First Investing Ventures




Though it's not about a month of immersing myself into this investing business through reading and guidance from various sources (Ed, Investor Juan, Peter Lynch, Alvin TabaƱag, Larry Gamboa, Colayco, Investopedia, etc.) I have now started to take action to the tune of Mutual Funds and Stocks.

Why Mutual Funds?

I've only read (not done with it yet) Lynch's Beating the street and though he was not discouraging his readers too much, one would notice that he is saddened by too many people engaging themselves in Mutual Funds  than in stocks themselves. If you ask me my impression with MFs are a good investment (with it's risk factors of course), though when I talk about it to friends, I get straight to the point, telling them, 'it's for you who are lazy enough not to do homework'. So why would I even bother? Here are my reasons:

1. The fund is a mix (what I got anyway) of government securities and stocks. I know I can't afford a decent RTB that would give a reasonable return so here's my way of going to that type.

2. The fund is managed by a guy and his analysts that have way more experience than I have. I am so engrossed in getting myself involved in stocks but I have to be realistic here. I have limited resources and means of studying companies. It's imminent that I might stumble upon stocks that would give me nothing but misery. Atleast while I'm trying stocks on my own out I get some investment that really is going somewhere.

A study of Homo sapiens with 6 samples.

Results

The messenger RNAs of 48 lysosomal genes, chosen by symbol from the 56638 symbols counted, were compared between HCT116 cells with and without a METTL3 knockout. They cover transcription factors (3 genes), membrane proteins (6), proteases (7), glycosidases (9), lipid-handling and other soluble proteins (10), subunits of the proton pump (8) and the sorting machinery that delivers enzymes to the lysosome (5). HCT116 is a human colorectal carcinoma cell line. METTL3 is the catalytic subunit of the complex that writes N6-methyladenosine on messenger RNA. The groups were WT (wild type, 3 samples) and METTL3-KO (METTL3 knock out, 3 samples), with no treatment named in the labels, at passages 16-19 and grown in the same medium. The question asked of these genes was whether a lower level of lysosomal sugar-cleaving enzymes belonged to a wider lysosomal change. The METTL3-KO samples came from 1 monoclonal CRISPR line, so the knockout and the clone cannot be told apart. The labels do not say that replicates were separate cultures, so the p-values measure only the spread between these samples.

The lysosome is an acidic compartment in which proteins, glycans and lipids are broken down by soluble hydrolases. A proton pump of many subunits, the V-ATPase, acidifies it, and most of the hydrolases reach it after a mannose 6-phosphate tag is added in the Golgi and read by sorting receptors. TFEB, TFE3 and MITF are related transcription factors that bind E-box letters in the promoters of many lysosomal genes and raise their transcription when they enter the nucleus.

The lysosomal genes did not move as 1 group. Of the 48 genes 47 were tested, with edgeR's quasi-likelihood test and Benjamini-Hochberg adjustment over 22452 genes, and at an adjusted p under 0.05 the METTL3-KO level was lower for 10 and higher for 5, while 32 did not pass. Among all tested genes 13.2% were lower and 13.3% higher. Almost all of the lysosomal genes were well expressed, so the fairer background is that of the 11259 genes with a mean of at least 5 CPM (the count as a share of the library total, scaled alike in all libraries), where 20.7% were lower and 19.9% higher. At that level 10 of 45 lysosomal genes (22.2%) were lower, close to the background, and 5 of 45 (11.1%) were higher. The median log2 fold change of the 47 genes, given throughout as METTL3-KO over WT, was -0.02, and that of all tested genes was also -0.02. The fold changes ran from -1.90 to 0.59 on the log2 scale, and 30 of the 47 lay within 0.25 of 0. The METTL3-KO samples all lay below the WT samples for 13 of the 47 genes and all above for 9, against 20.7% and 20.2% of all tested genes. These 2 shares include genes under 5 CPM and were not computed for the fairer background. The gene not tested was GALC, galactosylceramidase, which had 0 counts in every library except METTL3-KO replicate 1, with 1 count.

3. This is my 20% of my investing ratio plan (80 high, 20 low). Of course I have a plan. Though it doesn't fall to the category of low risk, for the sake of my investment plan, I'd classify it there while I can't get a decent fixed income government security bond.

4. The power of many. Colayco said something about pooling resources to get a much more fruitful result. It doesn't need a high IQ to derive that by investing with somebody else, you not only make it possible for the fund to grow more (so it can be invested to more vehicles) but it also spreads out the risk. Simply put, we share each other's load.


But why stocks?

For one, you are your own boss. You can invest how much you want on a company you feel and researched that is really promising. You also enjoy the less stress environment of stock picking without people shunning you or getting you out of your fund when you suck. Not only that, you can put money in places no one ever looked at but you realized is a good bagger.


Why not Government Securities?

Come on. We all know how much we would earn in government bonds. And the only way you can get the most out of it is when you have a hefty sum to lend the government in the first place. For instance, there was this couple who put in 200k on RTBs and it's return was 2000+ every quarter for a short period of time. Maybe if you have a 100mil it will make all the difference but since it's obvious that I don't have that amount yet, let's just stick to high yield high risk.

So today (well let's just all imagine that it was September 2010) marks the start of my first baby steps to financial freedom. Maybe in the future I'd have the guts and money to do real estate. But as of now, let us all stick with what we can all enjoy without ever leaving the house. Owwww I can't wait to know how it will be next year!